Kash of Angry Bear has an excellent post in which he characterizes the differences between liberals and conservatives and, actually, most of it I agree with. Here are the basics of his case:
- Some things (actually quite a few things) are just the results of bad luck.
- A decent nation aids people who’ve had bad luck.
- Taking care of society’s hard luck cases is a public good.
I don’t consider myself either a liberal or a conservative. I’m pretty clearly not a conservative (at least not as they seem to be now) because I definitely believe that government has a role in just such activities as Kash is talking about. Where I think I differ from Kash is that when I say government I think I mean something different than he does:
Liberals believe in a strong and well-run national government that has the resources and organization to provide effective help to the victims of disasters such as Katrina. Conservatives have planned and executed the down-sizing of such federal government responsibilities.
I’m not convinced that the federal government is the best choice for the first line of defense in helping victims of disasters such as Katrina. And that pretty clearly means I’m not a liberal, either (at least as they seem to be now).
You see I believe in the principle of subsidiarity, the idea that government should operate as closely to the people as can reasonably be achieved. There’s a role for local governments, state governments, and the federal government.
Kash pretty clearly blames conservatives for the Katrina disaster:
I could go on with this list, but I’m sure that you can fill in additional items yourself. My point is that nearly all policy divides between liberals and conservatives contain a strong element of the philosophical divide that I described above: that liberals tend to believe that people often suffer due to forces outside of their control, and that when that happens the government should help out; while conservatives think that the government should play a minimal role in helping those who have fallen on hard times.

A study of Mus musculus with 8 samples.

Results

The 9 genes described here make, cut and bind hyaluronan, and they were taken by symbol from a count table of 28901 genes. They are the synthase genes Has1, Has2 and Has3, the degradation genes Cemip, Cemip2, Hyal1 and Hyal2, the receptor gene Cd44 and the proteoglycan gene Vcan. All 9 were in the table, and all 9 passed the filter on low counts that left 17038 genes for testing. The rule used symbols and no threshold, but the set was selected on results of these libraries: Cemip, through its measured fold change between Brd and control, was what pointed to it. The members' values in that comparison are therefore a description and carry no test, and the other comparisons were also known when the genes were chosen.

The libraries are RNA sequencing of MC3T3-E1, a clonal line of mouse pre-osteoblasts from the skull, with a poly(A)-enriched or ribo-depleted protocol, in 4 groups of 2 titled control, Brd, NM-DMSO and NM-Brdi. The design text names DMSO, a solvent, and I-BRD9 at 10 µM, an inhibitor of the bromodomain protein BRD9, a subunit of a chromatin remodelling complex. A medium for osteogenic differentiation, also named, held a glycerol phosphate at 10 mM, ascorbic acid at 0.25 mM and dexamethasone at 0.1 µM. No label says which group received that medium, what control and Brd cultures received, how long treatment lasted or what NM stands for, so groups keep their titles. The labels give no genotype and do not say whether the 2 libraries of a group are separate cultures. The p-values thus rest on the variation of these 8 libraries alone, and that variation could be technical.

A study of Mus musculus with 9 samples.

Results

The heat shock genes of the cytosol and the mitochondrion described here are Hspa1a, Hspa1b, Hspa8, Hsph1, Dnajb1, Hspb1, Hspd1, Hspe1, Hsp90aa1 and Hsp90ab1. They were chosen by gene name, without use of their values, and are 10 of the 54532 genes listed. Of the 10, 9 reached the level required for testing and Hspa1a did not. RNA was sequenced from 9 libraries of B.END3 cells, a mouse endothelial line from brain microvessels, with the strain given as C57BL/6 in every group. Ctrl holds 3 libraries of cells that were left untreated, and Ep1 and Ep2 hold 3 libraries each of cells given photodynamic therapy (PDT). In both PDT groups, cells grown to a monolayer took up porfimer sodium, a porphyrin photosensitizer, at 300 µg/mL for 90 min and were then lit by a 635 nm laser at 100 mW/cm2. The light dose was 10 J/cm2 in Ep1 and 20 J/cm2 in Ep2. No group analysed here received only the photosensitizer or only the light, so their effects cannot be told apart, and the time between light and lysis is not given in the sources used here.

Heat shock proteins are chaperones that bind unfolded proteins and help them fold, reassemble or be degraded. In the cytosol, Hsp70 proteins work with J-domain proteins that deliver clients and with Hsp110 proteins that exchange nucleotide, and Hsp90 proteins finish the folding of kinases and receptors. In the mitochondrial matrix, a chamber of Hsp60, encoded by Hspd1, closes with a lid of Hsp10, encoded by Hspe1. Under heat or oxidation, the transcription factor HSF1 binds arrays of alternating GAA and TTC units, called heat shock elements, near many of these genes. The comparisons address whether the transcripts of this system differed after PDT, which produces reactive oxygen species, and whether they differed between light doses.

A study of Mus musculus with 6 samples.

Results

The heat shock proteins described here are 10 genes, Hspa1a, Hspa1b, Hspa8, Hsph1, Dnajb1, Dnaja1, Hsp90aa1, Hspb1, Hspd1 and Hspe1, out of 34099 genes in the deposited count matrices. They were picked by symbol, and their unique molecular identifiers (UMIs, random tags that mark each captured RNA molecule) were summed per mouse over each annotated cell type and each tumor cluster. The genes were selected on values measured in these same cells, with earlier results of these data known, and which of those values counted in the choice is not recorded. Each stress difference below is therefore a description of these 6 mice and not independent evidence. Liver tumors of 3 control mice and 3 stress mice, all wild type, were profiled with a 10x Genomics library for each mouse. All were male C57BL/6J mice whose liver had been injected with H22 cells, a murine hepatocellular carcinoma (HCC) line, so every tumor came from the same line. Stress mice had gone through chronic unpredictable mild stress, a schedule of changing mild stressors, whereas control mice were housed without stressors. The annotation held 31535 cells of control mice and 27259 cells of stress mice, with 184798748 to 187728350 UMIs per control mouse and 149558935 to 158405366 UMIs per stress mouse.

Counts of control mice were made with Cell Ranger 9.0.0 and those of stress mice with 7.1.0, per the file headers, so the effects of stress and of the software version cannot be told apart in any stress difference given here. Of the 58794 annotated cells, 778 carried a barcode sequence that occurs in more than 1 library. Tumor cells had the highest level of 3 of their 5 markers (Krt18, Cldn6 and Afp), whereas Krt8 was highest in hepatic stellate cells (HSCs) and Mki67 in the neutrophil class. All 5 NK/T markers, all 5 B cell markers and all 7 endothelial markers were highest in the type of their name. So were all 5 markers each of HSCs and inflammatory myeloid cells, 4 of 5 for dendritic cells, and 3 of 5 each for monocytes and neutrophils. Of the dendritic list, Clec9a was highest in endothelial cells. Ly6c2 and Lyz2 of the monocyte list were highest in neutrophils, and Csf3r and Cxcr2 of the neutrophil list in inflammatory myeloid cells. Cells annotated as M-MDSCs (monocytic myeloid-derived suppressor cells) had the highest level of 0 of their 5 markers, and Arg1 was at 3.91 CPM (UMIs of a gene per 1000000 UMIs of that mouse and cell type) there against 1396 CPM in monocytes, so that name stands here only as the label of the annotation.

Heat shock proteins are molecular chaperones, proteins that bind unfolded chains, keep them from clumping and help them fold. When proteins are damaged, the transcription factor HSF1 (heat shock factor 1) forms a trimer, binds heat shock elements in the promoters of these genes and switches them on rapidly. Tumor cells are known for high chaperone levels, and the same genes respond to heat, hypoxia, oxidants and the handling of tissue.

Katrina provides a horrible but effective illustration of this difference in action.
I think that’s being overwrought. The disaster in New Orleans had many causes. The most important were:
- The hurricane
- The river
- The geography and geology of New Orleans
- The failure of the levee
Neither liberals nor conservatives are in any way responsible for any of the first three. Hurricanes, rivers, and geography have no politics, political parties, or political philosophies. I lived for many years on the banks of the Mississippi. It just keeps rolling along.
The failure of the levee is an interesting case, however, but I think it proves the opposite of what Kash believes. The Army Corps of Engineers has had primary reponsibility by statute for flood control on the Mississippi since the 1930’s IIRC. Congress funds the Corps, directs its operations, and provides oversight. The Chief Executive and the military administers the Corps and provides day-to-day direction. Neither the Bush administration, the Clinton administration, the Bush administration, the Reagan administration, nor the Carter administration (and so on) nor any of the Congresses—some dominated by Democrats some by Republicans—saw fit to correct the problems with the defense of New Orleans against the water.
Delegating power and responsibilities to the federal government impedes, emasculates, and infantilizes local governments and individuals. I think that if the federal government had gotten the hell out of the way there’s a pretty good chance that New Orleans would have solved its own problems long ago. They had a stake in the outcome that can’t be matched by any federal bureaucrat or any federal agency.
That’s just human nature which is another force of nature as powerful and ineluctable as hurricanes and geography and which, like rivers, just keeps rolling along.